UnitedHealth Group (NYSE:UNH) reported a 7% profit increase in the first quarter, but issued disappointing guidance. For the full year 2008: membership is expected to decrease by 700K, the medical loss ratio is expected to increase from 80.6% to 81.3%, and the earnings outlook dropped 10%. United has become a no-growth company and the term “cost containment” no longer applies.
United’s fee based business is the only bright spot, be it the least profitable. United is willing to incur membership losses to maintain earnings in its more profitable risk based business. To quote Doug Parker, US Airways’ (LCC) CEO: “We only want profitable growth.” But customers are starting to push back. Small groups and individuals are either dropping health insurance completely or selecting lower cost plans from other insurers. United should have the leverage to force medical providers to lower costs in response to consumer demands, but has made no effort to do so. Instead they have chosen to be purely a cost plus player.
I do not believe that United’s business model is sustainable. The higher profit risk based business will continue to fall. Its market will slowly disappear. The fee based business margins will continue to shrink if they are no longer truly providing cost containment. Administrative services can be provided by anyone. I know this is an over simplification, but the trend is clear.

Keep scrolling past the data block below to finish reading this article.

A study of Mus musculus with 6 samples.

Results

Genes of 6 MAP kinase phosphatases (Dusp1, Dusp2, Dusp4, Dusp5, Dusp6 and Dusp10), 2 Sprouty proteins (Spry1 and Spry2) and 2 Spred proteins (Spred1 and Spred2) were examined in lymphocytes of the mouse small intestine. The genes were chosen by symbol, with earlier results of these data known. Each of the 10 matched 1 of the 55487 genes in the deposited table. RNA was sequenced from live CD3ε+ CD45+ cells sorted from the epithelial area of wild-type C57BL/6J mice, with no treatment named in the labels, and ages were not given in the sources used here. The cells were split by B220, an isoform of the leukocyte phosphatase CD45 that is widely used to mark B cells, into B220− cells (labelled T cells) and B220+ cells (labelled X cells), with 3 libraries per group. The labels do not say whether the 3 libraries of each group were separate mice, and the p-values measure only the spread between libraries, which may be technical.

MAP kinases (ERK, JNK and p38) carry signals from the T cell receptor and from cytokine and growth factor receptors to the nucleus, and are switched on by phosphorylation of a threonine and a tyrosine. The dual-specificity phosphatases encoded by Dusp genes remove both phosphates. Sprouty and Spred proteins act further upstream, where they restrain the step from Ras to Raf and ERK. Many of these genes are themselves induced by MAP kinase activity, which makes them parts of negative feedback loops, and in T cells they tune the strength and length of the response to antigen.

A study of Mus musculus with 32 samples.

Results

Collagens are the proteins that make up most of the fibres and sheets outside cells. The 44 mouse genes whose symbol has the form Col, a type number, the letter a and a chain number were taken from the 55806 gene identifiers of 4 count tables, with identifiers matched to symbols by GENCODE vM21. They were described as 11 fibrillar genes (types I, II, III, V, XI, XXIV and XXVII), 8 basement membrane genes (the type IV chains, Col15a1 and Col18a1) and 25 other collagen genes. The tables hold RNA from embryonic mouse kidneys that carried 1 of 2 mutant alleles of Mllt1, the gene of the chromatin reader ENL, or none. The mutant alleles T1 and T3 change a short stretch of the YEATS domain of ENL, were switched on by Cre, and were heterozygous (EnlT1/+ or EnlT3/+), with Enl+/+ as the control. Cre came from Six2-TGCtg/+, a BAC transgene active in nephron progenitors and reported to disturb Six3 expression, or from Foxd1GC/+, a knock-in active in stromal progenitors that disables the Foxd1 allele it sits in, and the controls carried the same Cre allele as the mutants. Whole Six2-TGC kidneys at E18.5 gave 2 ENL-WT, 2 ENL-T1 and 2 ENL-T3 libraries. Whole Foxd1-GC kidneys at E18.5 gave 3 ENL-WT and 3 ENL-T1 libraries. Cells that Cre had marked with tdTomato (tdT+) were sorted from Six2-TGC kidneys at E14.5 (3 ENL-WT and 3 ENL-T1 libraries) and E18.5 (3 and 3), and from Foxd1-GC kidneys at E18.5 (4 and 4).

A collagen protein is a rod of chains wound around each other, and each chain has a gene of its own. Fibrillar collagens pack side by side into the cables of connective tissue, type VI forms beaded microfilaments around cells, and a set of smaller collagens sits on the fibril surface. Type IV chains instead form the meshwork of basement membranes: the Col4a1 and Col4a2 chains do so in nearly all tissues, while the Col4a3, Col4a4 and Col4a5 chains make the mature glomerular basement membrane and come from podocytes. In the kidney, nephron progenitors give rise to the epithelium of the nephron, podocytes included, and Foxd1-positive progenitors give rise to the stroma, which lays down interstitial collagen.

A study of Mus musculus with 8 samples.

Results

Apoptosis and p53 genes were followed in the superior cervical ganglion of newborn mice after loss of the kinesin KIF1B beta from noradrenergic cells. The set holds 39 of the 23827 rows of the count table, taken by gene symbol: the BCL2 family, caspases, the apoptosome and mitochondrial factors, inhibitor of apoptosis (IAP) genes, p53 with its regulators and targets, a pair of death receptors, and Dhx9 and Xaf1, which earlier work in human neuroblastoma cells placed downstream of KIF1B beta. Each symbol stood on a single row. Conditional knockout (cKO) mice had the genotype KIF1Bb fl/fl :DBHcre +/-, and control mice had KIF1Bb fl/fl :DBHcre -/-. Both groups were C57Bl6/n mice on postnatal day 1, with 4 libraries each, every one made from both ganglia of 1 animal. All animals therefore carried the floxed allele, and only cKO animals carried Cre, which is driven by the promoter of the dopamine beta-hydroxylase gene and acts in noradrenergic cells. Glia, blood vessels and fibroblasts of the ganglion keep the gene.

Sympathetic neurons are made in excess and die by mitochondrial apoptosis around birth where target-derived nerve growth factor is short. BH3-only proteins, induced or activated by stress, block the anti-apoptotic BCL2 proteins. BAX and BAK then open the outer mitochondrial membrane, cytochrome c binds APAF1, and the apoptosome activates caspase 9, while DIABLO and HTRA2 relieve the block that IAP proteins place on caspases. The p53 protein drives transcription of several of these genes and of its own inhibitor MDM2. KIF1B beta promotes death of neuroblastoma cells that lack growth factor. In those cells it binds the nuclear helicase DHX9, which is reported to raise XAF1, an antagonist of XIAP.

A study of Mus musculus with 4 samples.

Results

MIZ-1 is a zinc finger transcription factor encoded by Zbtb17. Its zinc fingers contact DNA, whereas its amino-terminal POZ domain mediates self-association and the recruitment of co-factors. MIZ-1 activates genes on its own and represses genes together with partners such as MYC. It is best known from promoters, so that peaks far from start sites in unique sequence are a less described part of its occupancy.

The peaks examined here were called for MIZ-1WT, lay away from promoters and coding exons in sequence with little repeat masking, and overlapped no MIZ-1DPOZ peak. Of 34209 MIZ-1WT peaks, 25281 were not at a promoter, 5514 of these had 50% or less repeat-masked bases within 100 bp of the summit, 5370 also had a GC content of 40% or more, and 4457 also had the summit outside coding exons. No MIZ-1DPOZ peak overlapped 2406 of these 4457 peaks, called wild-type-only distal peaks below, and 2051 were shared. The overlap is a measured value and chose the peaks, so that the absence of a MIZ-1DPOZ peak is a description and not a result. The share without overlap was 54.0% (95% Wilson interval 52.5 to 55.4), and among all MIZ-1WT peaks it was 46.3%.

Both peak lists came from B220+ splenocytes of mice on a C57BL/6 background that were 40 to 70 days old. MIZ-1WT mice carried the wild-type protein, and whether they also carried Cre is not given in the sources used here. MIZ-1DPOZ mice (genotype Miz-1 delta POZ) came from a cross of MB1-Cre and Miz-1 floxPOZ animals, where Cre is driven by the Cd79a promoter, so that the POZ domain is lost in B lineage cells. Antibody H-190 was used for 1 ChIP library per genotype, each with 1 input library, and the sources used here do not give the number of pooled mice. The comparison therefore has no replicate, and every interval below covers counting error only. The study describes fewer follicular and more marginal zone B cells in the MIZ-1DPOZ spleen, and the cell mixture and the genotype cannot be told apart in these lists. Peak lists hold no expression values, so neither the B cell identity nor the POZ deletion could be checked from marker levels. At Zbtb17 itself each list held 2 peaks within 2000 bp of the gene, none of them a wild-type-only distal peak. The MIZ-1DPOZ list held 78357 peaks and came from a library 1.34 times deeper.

United has conceded that even seniors are beginning push back on the pricing of Medicare HMOs. They are leaving United for lower or no cost plans. United said in today’s conference call they are continuing to make progress in the Medicaid portion of government business.
The government business is less profitable than commercial. Again, United said they would not sacrifice profits to gain government business.Analysts questioned whether healthier customers were dropping insurance, leaving United with a higher risk pool. United does not think their risk profile has changed. However, they did admit that first year Medicare customers use a much high percentage of services. They attribute it to “deferred medical care.”Politically the health insurance industry is at a cross road. The clientele for the current model is falling.
Despite the “free market” mantra, insurers are becoming more dependent on the government for their profits. The industry may actually need an all inclusive business model to survive.
Admittedly, I am biased toward Hillary Clinton’s healthcare plan. But, with or without her, the trend toward reducing costs through a more inclusive risk pool is gaining momentum.